Helpful Articles and Tips from Wayne Newsom
when it comes to closing on your home

  • When you close on a real estate transaction, it involves the signing of documents and the exchange of money. What do the documents that are signed mean? What have you agreed to?

  • Typically, there are two (2) parts to the closing. One part involves the documents that transfer the real estate from the seller to the buyer. The second part is the loan documents that the buyer needs to sign to get the money to purchase the home. If the deal were a cash transaction, then there would be no loan closing. The closing would just consist of the transfer of the property to the buyer in exchange for the case.

  • Both parts of the closing can involve many papers that require the signature of the buyer, seller or both. Some documents are signed by the Realtors and the closer (personnel from the title company) as well. Most of the documents are simply multiple copies of the same thing.

  • The real estate commission requires the real estate offices involved, buyer, seller and the title company receive a complete set of documents with original signatures. An important exception is that the most important documents, the warranty deed, trust deed and note are only signed once. Copy packages for everyone's file are made.

  • Typically, a closing last 45 minutes to an hour. It is prudent to review what you will be signing and there is not enough time to do this properly at the closing. Your Realtor can get copies of the documents prior to the closing for your review.*

  • If the lender is unable to get copies of your actual loan documents see if they can provide blank copies, so you can at least review the text. You can then identify the blanks for the loan amount and interest rate to check those at closing.

A review of the real estate documents 
that you would generally sign at a closing...

  • The closer from the title company refers to the contract to purchase the home and all the amendments and extensions of that contract to determine the documents for the closing. For example, is the buyer taking title as joint tenants or tenants in common? Is tax settlement going to be based on last year's taxes or the most recent levy and assessment? Is the home to be transferred by general, special or other warranty deed?

  • In most cases, a general warranty deed is used to transfer ownership from seller to buyer.

  • The closing agent notarizes the seller's signature and this document is recorded with the county. This puts on public notice the owner of record.

  • Other typical documents requiring signatures in the real estate closing are the tax agreements, utility agreement, lien affidavits, waivers, name affidavit and settlement statements.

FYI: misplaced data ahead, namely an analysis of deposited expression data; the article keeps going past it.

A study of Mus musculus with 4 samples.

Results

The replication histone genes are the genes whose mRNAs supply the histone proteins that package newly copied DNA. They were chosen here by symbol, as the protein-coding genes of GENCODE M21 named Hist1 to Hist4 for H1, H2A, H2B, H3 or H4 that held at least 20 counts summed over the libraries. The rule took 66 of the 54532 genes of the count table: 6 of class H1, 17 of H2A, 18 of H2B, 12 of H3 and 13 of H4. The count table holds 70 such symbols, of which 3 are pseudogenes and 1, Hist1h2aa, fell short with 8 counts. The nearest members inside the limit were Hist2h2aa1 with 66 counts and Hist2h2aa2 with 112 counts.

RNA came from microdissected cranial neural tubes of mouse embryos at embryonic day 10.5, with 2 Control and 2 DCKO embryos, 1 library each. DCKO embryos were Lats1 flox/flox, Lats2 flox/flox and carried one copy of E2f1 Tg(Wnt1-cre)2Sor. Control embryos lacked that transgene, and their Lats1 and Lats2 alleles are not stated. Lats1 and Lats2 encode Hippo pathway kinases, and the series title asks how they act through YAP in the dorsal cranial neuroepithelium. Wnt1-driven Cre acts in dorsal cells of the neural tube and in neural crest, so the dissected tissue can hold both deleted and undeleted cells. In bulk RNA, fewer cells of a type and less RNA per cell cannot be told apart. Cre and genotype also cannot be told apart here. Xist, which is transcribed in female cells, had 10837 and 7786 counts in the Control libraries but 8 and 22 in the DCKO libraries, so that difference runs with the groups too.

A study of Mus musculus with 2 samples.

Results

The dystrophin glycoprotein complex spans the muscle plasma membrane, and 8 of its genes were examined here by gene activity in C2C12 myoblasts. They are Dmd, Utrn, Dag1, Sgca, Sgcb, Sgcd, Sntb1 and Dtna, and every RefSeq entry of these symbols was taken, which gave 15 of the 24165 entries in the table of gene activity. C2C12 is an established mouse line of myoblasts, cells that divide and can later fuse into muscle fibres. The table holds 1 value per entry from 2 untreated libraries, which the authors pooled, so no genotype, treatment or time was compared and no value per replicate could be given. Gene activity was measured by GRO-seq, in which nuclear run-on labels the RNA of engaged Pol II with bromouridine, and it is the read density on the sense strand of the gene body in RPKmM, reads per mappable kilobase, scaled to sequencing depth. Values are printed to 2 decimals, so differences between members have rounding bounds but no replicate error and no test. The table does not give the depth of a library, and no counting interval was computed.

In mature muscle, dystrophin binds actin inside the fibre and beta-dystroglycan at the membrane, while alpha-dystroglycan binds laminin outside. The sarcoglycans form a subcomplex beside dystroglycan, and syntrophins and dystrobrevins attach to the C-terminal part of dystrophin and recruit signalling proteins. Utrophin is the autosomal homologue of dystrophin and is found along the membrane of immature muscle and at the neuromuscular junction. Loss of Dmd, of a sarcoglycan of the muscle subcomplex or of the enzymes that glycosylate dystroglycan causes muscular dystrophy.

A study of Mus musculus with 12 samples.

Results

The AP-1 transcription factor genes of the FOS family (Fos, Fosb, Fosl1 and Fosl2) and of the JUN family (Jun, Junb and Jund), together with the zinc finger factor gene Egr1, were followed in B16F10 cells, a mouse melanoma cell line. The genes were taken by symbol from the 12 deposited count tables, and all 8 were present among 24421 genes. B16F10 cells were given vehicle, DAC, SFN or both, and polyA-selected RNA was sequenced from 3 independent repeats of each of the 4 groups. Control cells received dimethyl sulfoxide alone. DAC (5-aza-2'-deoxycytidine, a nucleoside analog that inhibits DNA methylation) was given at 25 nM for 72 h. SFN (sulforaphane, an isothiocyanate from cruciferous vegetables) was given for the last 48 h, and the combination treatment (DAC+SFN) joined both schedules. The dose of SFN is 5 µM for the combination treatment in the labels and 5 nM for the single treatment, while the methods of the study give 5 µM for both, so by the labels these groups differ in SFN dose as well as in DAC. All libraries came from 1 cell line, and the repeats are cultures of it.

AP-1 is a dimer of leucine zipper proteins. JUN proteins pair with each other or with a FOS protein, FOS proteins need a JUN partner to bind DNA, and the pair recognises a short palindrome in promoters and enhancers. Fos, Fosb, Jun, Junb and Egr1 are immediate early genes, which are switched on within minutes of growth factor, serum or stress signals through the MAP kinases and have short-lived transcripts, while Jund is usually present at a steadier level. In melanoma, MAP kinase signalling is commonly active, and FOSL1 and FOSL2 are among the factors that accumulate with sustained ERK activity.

• Most of the time the taxes agreement is a final statement. This alleviates the buyer and seller from having to get together in January to re-prorate the taxes.

  • Utility agreements indicate the seller will pay all the final bills and the buyer agrees to switch the utilities into their name if they haven't already do so. The seller signs the authorization to transfer the r4sponsibility to pay the resulting bills.

  • Both buyer and seller sign separate lien affidavits. The buyer is signing that, if they have had access to the property prior to closing, that they have not had work done or ordered something for which they do not intent to pay.

  • The seller signs the same and also that they have not taken out any loans against the property that are not being paid off through the closing.

  • In the real estate section of the closing, both buyer and seller have separate settlement statements which itemize and account for the costs (debits) and the credits.

  • When appropriate, these items are apportioned or prorated between buyer and seller. Typically the day of proration is the day of closing unless otherwise specified in the contract.

  • Regardless of what part of the day you close, whether early in the day or late in the afternoon, the day of closing is considered the buyer's day for the purpose of proration.

  • The settlement statement accounts for the debits and credit of each the buyer and the seller. This accounting tells the buyer what to bring to closing to buy the home and the seller what they should receive from the sell of the home.

  • I can review this with you and answer the questions you may have. On the buyers' side, most of the charges are loan charges that you should have seen in the truth in lending that you received at the time of loan application.